Bangkok is Thailand's capital and its largest city; over 12 million people call it home.
On my first trip here the weather was hot and steamy, and the air was thick with smog. We spent much of our time on the Chao Phraya, Thailand's largest river. That river dissects Bangkok and on that body of water much of the country's commerce moves north and south.
In this modern city, life along the boat-filled Chao Phraya is a real photo opportunity, as its banks are lined with both modern apartments and businesses, plus rickety shacks where thousands of locals still live and work.
We also visited Chinatown, the Golden Reclining Buddha, The Royal Palace and other points-of-interest including the world's largest jewelry store. Bangkok is a very exciting place, and I would certainly place it high on my list of favorite travel destinations. You should too!
Eating lunch on the street in Bangkok.
An unidentified statue in the Wat Pho temple.
When you look up in Bangkok, this is often what you see.
Yaowarat Road runs through the center of Bangkok's Chinatown. Running in all directions from the street are small streets and alleys full of shops and vendors selling all types of goods.
Most Thais are Buddhists, but they also mix a bewildering slew of other beliefs. Buddhas for sale on the street come in all styles and shapes, with some made of metal, wood, bone or plaster, and can even include sacred ash from incense and colored dust from a temple's bricks.
This street shrine in Chinatown portrays Hinduism's elephant-headed Lord Ganesh, one of the best-known and most widely worshiped deities in the Hindu pantheon.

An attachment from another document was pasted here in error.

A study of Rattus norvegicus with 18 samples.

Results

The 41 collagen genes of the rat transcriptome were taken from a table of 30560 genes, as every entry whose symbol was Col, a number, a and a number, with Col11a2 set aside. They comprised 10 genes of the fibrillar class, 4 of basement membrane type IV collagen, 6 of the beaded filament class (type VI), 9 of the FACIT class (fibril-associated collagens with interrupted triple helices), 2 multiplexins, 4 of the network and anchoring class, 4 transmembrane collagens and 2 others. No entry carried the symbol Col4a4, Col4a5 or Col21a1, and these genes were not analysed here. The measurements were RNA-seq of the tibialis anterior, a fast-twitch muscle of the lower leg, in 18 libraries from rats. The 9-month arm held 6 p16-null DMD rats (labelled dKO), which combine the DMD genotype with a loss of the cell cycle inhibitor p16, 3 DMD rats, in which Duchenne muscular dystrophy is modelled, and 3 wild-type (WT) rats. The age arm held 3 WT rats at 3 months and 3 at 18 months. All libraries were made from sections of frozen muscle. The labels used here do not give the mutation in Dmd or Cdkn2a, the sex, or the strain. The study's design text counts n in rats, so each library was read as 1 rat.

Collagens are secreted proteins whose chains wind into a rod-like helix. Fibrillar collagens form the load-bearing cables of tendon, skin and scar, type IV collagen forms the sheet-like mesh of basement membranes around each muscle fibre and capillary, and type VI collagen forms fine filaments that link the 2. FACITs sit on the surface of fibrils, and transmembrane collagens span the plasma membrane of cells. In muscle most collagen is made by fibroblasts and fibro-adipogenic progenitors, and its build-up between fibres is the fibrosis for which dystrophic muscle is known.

These are three of the Grand Palace spires in Bangkok. The Grand Palace has been the official residence of the Kings of Siam (and later Thailand) since 1782. The king, his court and his royal government were based on the grounds of the palace until 1925. Several royal ceremonies and state functions are held within the walls of the palace every year.
Many taxis in Bangkok are pink; regardless of the color they are one of the best ways to travel within the city, except of course during rush hour which is best avoided.
Along parts of the Chao Phraya river in Bangkok, and certainly along many of the spin-off canals, locals live a happy life on water's edge; many of them use their own boats to get around the city.
This river house in Bangkok is quite large, and of you look closely you'll notice the wooden furniture on its porches. It may look a bit run down, but is has good support and is very functional.
If you visit a shrine in Bangkok, you use a litle tin cup to leave an offering behind, or a tip in the box if you prefer.